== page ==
Market Harborough Facts:
Established during the Anglo-Saxon times, Market Harborough was a small hamlet populated by Anglo-Saxon tribes during medieval times. Today, it is one of the fastest emerging and distinguished market towns in the UK. From education, hotels, tourist attractions, parks and recreational places and to historical landmarks and restaurants, Market Harborough attracts hundreds of admirers every day. To double your love for this town, here are some historical facts about Market Harborough that you might want to know.
- Victorian Corset Factory – The Symington Factory
In the mid of 19th century, R & W H Symington & Co Ltd. laid the foundation of a coreset manufacturing factory in Market Harborough. Operated in partnership, this Victorian Corset Factory in Market Harborough instantly gained popularity as females were still into the Victorian style clothing. You can visit the factory ruins by visiting the Harborough district Council offices situated at Adam and Eve Street. It still has large windows from factory time.
- St Dionysius Church Roof Bosses
In 1953, St Dionysius Church Market Harborough underwent refurbishment where few structures including the nave roof were replaced because it was heavily damaged. Upon its removal, workers seven figures on top, five were depicted as angels and one was considered devil. To this date, no one really knows the purpose of such figures and the reason placing them on the church roof.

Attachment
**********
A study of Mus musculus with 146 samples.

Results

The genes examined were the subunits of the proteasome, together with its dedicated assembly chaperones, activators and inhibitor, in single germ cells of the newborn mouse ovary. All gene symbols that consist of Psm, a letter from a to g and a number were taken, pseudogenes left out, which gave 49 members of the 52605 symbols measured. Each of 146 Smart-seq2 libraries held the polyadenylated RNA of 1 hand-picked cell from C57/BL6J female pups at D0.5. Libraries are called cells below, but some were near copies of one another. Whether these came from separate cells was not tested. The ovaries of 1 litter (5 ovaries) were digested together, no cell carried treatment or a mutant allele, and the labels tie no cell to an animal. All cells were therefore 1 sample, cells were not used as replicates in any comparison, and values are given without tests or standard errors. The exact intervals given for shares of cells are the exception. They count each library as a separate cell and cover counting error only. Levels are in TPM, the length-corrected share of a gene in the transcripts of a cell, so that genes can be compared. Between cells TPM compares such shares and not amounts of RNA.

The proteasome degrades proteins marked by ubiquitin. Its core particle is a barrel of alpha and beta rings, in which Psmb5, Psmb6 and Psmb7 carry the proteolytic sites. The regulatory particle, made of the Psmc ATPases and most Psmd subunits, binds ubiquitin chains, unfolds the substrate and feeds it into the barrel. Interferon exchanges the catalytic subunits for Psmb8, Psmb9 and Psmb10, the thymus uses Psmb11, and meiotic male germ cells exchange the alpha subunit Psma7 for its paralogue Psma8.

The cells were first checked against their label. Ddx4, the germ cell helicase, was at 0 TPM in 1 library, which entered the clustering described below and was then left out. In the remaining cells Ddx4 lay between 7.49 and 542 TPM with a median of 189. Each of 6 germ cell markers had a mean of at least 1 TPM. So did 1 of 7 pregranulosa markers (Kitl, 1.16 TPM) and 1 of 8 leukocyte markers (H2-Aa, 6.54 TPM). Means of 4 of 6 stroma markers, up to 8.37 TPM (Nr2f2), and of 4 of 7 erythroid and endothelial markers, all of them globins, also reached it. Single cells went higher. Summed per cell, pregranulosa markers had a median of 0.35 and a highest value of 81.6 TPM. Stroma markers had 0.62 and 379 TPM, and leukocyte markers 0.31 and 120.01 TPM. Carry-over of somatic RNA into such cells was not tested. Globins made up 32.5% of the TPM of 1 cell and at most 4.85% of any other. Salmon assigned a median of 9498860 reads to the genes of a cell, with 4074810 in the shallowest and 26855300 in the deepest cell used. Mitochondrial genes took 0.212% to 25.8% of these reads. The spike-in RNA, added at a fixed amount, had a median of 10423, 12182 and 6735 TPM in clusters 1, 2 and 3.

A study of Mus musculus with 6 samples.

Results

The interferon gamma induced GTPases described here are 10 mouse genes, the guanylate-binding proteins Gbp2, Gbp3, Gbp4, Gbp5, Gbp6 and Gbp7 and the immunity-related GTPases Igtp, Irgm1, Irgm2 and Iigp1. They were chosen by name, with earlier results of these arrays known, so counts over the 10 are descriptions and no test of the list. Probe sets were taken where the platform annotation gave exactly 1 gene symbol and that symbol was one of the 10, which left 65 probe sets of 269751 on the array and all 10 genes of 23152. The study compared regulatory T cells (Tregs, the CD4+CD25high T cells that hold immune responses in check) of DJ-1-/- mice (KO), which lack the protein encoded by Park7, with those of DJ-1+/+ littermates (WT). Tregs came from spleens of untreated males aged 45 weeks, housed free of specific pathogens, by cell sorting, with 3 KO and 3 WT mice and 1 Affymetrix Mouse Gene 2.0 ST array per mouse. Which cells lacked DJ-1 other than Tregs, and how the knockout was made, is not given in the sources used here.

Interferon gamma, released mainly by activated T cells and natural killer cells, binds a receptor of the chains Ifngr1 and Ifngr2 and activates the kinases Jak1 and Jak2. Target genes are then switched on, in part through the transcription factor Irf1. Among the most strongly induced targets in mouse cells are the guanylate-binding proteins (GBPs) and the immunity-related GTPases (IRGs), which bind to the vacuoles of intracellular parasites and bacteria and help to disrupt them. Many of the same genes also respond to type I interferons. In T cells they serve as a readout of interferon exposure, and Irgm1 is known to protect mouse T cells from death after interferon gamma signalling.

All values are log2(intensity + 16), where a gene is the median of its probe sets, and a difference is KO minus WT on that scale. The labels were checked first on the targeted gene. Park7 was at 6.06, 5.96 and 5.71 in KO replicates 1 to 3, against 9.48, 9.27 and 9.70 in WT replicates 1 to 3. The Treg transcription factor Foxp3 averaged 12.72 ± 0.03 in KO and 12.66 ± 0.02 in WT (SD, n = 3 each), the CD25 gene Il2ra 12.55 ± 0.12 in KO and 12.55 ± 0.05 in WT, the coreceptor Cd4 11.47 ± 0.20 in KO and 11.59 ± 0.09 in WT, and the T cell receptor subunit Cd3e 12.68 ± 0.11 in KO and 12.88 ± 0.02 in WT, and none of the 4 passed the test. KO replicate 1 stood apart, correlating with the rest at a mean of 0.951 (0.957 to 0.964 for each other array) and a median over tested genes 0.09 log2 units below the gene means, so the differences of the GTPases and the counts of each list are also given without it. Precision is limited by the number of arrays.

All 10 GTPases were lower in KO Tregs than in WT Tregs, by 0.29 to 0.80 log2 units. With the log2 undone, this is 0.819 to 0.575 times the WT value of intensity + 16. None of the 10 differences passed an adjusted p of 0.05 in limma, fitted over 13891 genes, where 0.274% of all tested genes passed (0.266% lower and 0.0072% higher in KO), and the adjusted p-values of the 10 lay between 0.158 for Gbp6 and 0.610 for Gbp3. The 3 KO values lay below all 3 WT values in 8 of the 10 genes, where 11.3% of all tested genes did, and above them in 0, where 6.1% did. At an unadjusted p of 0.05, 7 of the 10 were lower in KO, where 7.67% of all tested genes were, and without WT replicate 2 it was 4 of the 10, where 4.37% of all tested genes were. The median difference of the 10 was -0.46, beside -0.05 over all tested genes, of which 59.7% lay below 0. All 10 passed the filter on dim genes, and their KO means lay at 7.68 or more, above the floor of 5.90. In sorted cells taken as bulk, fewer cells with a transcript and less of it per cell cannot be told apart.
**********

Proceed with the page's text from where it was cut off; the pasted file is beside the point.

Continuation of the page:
- Church with no Churchyard
St Dionysius Church in Market Harborough is one of the few churches in the UK to have a unique history. It was built in 1320 as a chapel, it was supposed to serve as a branch office of St Mary Church in Adren. Also, the catholic by-passing travellers need a place to worship which also led to its construction. This is why it never had a churchyard. Some Historians have written (not confirmed) that it did have a place to bury but was demolished and no one knows why.
- Headquarters of the King’s Army
During English Civil War of 1645 (June), the forces of King decided to make Market Harborough their frontline to confront the Parliamentary forces. In fact, the captured forces were imprisoned at the Harborough Chapel. Oliver Cromwell also wrote the famous ‘Victory’ announcement letter (over King Charles I’s army) to Speaker of the House of Commons by sitting in a Market Harborough Pub.
- Centre of Fox Hunting
Market Harborough became the prominent centre of fox hunting in the 19th century. It was first started by Tailby who was the first to hunt in 1856. Proper fencing between Harborough and Billesdon were installed to corner foxes as they are good jumpers while in danger.